The Most Famous Haunted Houses in the World
Since it’s Halloween and we’re feeling a little bit spooky, we decided to go on a hunt for the most haunted houses, not by focusing on their décor, but rather the ghosts and ghouls roaming their halls. From ax-murdered children to a poisoned lady-in-waiting, these homes have had their fair share of horror.
After the death of his 19-year-old daughter, Bogdan Petriceicu Hasdeu began work on this small castle in 1893 in Câmpina, Romania. His daughter’s name was Iulia Hasdeu, and he claimed she provided the plans for the castle during sessions of spiritism. The building was completed in 1896, with black painted walls and a towering turret. The ghost of Iulia Hasdeu is said to wander through the courtyard in a white dress holding daisies and playing the piano at night.
Second only to the Tower of London, Raynham Hall is the most haunted place in the United Kingdom. Why? They say the “Brown Lady,” the ghost of Lady Dorothy Walpole and sister of the first prime minister of Great Britain, still wanders the halls to this day. Legend goes that she allegedly had an affair with someone else and was locked in her home by her husband after he found out until her death in 1726. The last evidence of a sighting appeared in a photograph in Country Life magazine in 1936. It may have just been a smudge on the camera… or maybe not.
The mansion was owned by Madame Delphine Lalaurie, a wealthy society matron. When a fire destroyed part of the home in 1834, it was learned that behind closed doors Lalaurie routinely bound, starved, and tortured her slaves. Forced to flee the city, she died in Paris in 1842. To this day, the house is the most haunted in New Orleans and many have reported seeing apparitions and hearing strange noises in the mansion.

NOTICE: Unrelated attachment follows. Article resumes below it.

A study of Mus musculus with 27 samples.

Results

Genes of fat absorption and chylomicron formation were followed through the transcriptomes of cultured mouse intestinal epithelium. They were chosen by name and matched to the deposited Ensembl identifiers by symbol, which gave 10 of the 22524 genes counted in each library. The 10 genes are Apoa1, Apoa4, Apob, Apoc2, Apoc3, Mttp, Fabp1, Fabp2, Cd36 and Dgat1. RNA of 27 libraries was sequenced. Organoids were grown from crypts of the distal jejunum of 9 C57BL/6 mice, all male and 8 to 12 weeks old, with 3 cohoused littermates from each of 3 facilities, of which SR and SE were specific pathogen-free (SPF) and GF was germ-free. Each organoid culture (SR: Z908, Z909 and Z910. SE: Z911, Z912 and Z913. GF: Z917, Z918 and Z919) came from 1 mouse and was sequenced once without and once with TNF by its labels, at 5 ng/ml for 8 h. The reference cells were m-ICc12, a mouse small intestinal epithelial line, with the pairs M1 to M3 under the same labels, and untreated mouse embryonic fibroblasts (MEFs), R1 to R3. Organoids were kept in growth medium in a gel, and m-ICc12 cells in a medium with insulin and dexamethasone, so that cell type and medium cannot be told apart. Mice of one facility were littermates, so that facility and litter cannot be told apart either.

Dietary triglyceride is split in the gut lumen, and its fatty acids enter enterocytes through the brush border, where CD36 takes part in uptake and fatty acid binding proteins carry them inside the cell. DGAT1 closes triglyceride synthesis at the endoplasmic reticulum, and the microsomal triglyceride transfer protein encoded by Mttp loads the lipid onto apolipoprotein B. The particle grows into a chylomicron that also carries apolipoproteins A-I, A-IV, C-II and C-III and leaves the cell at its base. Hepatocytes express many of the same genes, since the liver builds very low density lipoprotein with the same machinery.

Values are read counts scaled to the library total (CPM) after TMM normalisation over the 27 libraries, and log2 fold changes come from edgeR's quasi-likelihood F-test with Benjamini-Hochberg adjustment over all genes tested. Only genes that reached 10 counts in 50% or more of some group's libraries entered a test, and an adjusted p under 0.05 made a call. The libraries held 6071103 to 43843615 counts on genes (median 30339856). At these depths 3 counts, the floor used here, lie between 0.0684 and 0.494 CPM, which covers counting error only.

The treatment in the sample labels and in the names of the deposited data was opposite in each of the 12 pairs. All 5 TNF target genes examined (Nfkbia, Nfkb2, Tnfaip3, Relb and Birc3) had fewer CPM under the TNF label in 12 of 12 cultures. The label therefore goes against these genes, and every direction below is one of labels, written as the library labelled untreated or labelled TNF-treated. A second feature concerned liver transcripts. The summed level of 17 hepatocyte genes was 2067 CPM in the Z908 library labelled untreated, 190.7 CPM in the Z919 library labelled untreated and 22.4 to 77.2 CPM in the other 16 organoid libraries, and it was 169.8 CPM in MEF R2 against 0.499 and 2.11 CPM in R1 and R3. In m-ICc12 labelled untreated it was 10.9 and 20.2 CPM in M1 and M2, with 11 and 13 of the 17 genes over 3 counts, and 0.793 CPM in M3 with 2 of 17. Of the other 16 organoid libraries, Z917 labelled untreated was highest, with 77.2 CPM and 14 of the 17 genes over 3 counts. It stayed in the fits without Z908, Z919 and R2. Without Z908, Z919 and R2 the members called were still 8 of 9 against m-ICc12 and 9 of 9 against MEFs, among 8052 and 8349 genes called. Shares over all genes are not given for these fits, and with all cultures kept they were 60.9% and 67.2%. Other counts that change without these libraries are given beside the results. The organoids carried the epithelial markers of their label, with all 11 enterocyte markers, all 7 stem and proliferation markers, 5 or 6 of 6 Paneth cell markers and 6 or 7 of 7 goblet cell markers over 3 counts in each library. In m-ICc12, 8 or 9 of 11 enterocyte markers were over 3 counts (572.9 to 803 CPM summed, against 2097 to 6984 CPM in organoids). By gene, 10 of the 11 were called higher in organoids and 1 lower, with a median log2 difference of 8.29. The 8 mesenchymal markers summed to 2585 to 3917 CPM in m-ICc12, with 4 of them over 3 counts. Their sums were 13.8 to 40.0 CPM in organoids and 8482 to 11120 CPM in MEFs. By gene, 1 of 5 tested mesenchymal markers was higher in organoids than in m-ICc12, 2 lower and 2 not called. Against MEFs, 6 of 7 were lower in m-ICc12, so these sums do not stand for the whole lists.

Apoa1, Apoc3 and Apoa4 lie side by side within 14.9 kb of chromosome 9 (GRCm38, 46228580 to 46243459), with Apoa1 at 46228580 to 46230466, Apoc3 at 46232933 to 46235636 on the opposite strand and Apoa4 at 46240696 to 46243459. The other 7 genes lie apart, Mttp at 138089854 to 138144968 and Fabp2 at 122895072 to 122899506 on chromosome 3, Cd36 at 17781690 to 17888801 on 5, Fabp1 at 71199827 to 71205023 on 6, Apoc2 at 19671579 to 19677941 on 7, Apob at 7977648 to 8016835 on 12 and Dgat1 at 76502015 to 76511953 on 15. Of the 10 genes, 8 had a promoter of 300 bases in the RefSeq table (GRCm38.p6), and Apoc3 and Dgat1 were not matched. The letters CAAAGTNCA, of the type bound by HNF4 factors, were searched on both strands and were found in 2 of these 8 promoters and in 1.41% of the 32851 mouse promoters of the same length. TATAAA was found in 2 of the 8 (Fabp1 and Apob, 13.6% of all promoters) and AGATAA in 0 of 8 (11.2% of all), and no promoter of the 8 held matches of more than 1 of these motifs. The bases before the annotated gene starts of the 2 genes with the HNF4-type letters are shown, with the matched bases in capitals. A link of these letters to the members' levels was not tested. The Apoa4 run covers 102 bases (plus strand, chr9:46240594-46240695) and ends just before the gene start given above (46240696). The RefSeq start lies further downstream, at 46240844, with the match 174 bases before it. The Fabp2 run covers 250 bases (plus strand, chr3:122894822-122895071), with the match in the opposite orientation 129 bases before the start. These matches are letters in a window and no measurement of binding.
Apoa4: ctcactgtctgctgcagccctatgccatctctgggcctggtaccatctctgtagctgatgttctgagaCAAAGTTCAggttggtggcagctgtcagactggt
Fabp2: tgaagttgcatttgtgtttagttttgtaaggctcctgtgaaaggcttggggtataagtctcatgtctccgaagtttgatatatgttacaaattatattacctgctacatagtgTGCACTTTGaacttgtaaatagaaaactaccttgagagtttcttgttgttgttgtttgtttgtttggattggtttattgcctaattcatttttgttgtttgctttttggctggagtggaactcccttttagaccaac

Originally built in 1215, this castle in Denmark was later used in the 16th and 17th centuries to house prisoners of noble rank. To this day, many deceased elite are said to still wander the halls, including a ladyin gray, a lady in white, and James Hepburn, the 4th Earl of Bothwell. The castle is now a hotel, so if you ever stay there, you might just glimpse the Earl’s ghost riding though the courtyard in a horse and carriage.
The French chateau was built in the 11th century, but it wasn’t until the 16th that it became haunted. When King Francis asked Jean de Laval and his wife Francoise de Foix to assist him at court, she became the lady-in-waiting to the queen and a mistress to the king. Rumor has it that de Laval found out about the affair, and locked his wife in a room and poisoned her. She died on October 16, 1537, and now every year on that same day she’s said to haunt the halls of the chateau.
The small white house, located in Villisca, Iowa, is where an entire family, including six children and two adults, was brutally murdered in 1912. The Moore family and two guests were found in bed with ax wounds, but no evidence was found and the murder was never solved. You can stay in the house overnight if you care to witness the sounds of children crying, doors slamming, and furniture moving on its own.
This brick mansion, located in Salem, Massachusetts, was built in the 1780s on a foundation previously owned by Sheriff George Corwin. Corwin became known as “the Strangler,” after killing many of the accused witches during the Salem trials of the 1690s. The ghosts of his victims are said to still live in the house today.
What’s the most haunted house you’ve ever been to? Let us know below.